Thursday

“Then Peter and John laid their hands on them and they received the Holy Spirit.” (v.17)

Acts 8:14-17 Thursday 15 January 2015

Psalm: Psalm 78:1-7


Background

In this short passage we are given a further insight in to thedeveloping nature of the early Church's mission. Jesus' discipleswere Jews and had grown up in a Jewish world. It was what they werefamiliar with and, as with others in their society, it would nothave been unusual for them to have had a degree of prejudicetowards those who were different from themselves. This wasparticularly the case towards people living in Samaria.

The Jewish people and the Samaritans had a long history offierce antagonism and even hatred for one another. There was nofriendly banter and good-natured rivalry between these twoneighbouring peoples, instead they dwelt on their shared historyand their enmity grew as a result. Centuries before, when theexiles returned from Babylon to rebuild Jerusalem, the Samaritanswho were then living in the former northern kingdom of Israelvigorously opposed them. In return the Jews objected to theirneighbours' religious practices.

Jesus started to break down these barriers. He spent timetalking to the Samaritan women at the well (John4:1-42) and turned a Samaritan man in to the hero of a parable(Luke 10:30-37). However it would have been amajor step for the disciples not only to take the gospel message toSamaria but also to baptize people there.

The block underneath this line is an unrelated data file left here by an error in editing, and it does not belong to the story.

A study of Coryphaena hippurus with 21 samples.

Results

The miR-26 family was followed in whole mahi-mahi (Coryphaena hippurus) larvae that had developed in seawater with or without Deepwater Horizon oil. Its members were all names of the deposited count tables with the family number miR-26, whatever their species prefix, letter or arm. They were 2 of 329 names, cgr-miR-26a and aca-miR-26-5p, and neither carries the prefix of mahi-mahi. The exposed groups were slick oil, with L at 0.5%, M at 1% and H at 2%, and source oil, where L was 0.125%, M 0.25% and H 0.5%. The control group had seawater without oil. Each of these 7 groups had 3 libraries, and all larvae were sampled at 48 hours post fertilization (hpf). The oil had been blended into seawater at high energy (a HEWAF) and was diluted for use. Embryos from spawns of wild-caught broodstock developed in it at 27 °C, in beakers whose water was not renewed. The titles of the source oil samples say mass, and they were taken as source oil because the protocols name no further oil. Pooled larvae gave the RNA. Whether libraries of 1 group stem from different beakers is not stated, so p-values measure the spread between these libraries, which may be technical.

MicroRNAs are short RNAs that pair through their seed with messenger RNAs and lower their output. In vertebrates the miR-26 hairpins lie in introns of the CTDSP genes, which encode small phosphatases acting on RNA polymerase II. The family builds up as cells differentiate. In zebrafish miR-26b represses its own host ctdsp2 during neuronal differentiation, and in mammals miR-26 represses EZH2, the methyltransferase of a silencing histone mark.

When Peter spoke to the people on the day of Pentecost he linkedBaptism "in the name of Jesus Christ" with receiving the HolySpirit (Acts 2:38). For some reason the Baptism byPhilip does not seem to have the same impact as that seen inJerusalem. It's possible however that this two-stage process isintentional, as Peter and John are not like modern day visitingbishops, visiting to confirm people who have already been baptized,but instead they are sending a very clear signal that their missionin to Samaria is blessed by God and that this is seen through thepower of the Holy Spirit. It marked a total change to therelationship between the early Jewish-based Church and theSamaritans. This step in the journey could be regarded as aSamaritan Pentecost, just as Acts10:44 describes the Gentile Pentecost.


To Ponder

  • Examine your own prejudices and consider what you can do toovercome them.
  • Pray for children, adults and their families who have beenbaptized in your church.
  • Pray for those who cross boundaries and break down barriers tobring peace and justice.